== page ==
Jen’s story: Postpartum depression can happen to anyone
Imagine spending about nine months planning for baby: getting the nursery ready, reading all you can about parenthood, being showered with baby gifts.
But when baby finally comes, you feel … off. Not excited as you expected.
Jen Reding and her husband welcomed their first baby, Kai, at MultiCare Valley Hospital on October 3, 2018. After an unplanned C-section, she was happy to meet her healthy baby, but knew something was out of sorts. She didn’t feel the immediate connection to Kai that other mothers described to her while she was pregnant.
“I felt like things were off, but I wasn’t quite to the point where I thought it was post-partum depression,” Reding explains.
As she was getting ready to discharge from the hospital, Reding mentioned to her nurse and her husband that she wasn’t feeling like herself.
“My husband is very aware and was persistent in pointing it out to me,” she says. “He said, ‘This is not normal, this is not you.’ I just kept thinking this was the baby blues, I am going to wake up and be OK tomorrow, but that tomorrow never came.”
During that same time, the nurses at Valley Hospital were reaching out to Reding, too.
“My nurses kept in contact with me,” she says. “They’d text me to see how I was doing and encouraged me to come to the Mommy and Me support class at Valley Hospital.”
Reding started attending Valley Hospital’s free Mommy and Me class every Wednesday. It was an opportunity to get out of the house without the worries of her baby crying in public.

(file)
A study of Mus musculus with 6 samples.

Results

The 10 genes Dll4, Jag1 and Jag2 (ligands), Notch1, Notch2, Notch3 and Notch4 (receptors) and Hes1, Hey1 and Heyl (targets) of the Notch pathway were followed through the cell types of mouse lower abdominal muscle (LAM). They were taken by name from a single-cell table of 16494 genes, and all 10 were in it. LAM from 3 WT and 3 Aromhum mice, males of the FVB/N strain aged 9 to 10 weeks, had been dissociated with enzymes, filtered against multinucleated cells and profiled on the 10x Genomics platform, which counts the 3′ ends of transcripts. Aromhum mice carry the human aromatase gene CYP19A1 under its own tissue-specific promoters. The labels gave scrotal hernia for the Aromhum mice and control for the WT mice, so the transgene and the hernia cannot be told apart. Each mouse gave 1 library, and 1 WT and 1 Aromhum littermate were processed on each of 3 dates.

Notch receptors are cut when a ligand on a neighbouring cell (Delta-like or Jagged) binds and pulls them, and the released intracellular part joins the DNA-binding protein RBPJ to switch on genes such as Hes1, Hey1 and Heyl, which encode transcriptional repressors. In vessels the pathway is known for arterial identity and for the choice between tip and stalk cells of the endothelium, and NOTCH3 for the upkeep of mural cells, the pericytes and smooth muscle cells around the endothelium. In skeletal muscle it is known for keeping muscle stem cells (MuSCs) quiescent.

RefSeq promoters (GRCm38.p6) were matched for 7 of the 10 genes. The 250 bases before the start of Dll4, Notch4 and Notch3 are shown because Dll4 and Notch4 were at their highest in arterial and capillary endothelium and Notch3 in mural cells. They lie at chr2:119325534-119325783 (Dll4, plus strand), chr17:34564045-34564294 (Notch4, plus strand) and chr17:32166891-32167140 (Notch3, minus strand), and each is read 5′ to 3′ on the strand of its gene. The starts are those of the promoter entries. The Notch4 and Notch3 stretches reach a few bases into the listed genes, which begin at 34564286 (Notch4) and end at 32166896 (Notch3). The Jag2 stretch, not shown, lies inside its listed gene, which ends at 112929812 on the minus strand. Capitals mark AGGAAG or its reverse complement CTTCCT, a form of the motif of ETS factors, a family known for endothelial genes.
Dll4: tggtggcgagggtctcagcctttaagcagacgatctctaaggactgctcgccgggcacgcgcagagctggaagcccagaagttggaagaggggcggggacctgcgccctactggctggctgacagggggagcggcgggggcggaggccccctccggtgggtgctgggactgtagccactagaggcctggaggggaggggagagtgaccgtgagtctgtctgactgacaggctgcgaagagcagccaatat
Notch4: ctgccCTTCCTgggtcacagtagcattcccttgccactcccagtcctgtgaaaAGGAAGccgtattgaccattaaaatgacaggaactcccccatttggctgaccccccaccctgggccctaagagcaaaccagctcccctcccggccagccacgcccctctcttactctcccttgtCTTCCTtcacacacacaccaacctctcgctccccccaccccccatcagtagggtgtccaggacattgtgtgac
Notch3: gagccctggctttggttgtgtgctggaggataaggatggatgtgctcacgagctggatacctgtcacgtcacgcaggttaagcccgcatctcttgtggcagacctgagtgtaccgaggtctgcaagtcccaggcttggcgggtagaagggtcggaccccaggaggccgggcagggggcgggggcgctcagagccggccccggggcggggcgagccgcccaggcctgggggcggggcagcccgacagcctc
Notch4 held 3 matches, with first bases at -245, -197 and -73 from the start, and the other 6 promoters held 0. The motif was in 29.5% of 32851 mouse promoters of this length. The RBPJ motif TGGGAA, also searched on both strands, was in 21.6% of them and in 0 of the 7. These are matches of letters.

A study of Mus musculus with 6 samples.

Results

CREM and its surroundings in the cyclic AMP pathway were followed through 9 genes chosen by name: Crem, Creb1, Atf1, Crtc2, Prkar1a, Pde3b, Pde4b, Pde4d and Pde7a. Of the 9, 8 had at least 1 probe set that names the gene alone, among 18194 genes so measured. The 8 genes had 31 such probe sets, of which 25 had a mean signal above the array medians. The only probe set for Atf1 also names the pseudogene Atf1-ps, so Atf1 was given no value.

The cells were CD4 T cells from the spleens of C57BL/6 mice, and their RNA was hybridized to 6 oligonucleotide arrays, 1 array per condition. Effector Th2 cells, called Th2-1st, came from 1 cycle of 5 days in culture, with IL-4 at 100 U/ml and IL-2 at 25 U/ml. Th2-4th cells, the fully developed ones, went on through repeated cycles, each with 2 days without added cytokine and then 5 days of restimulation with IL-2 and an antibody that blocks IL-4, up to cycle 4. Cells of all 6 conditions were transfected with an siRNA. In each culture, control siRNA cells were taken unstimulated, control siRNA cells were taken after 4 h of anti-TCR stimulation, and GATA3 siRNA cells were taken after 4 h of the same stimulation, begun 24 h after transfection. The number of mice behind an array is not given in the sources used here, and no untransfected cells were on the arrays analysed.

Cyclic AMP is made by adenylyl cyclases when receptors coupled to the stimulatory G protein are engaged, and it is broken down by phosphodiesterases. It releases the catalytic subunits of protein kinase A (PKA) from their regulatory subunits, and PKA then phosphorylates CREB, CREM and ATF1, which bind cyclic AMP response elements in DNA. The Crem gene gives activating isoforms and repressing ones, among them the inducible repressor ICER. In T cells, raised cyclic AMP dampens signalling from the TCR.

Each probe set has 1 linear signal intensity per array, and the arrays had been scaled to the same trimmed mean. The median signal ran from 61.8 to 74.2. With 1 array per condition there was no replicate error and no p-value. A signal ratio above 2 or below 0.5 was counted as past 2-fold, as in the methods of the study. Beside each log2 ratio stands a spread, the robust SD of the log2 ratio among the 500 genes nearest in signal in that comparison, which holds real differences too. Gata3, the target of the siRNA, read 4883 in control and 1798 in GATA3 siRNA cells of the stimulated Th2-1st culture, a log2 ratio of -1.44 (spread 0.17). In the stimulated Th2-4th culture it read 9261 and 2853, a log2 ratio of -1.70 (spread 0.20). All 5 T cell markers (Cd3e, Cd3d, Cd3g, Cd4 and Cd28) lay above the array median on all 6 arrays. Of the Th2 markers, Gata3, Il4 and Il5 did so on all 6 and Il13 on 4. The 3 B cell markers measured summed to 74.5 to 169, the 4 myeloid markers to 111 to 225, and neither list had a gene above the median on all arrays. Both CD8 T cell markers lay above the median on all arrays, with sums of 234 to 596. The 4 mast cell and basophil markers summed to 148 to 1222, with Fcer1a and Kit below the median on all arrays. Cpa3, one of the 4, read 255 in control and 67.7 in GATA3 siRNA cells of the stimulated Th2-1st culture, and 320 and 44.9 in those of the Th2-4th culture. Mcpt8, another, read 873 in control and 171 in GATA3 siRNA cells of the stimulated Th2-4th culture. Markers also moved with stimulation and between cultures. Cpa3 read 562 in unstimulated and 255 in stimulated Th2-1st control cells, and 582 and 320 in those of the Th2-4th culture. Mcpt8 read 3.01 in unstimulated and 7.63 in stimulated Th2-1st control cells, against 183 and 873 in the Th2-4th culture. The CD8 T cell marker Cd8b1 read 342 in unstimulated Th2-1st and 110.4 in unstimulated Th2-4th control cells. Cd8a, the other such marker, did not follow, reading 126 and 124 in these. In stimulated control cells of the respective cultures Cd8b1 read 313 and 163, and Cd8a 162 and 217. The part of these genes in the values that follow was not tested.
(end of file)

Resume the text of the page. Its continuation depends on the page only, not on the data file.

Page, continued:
“It was the only place I felt safe enough to go,” she says. “Everyone is going through the same thing. They are all here with their babies, they’re all crying, screaming. I didn’t feel so alone.”
Six months later, Mommy and Me has enabled Reding to establish a community of mothers and nurses as a support system. This, along with the support of her husband, doctor and therapist has helped her grow closer to Kai and begin to feel more like herself again.
“It’s completely changed,” she says. “From not wanting to be near my child, to can’t be away from him for a second without missing him.”
Today, Reding wants to use her story to encourage other moms and spread awareness that postpartum depression can happen to anyone.
“I want new moms to know that it gets better,” she emphasizes. “The first few months feel like it will never end, but now I look forward to every day and I wake up wanting to see Kai.”
MultiCare Valley Hospital offers various courses and support groups for new parents. Beginning in January 2020, Valley Hospital will be hosting a structured support group specifically for mothers struggling with postpartum depression. More information about classes available throughout the region here.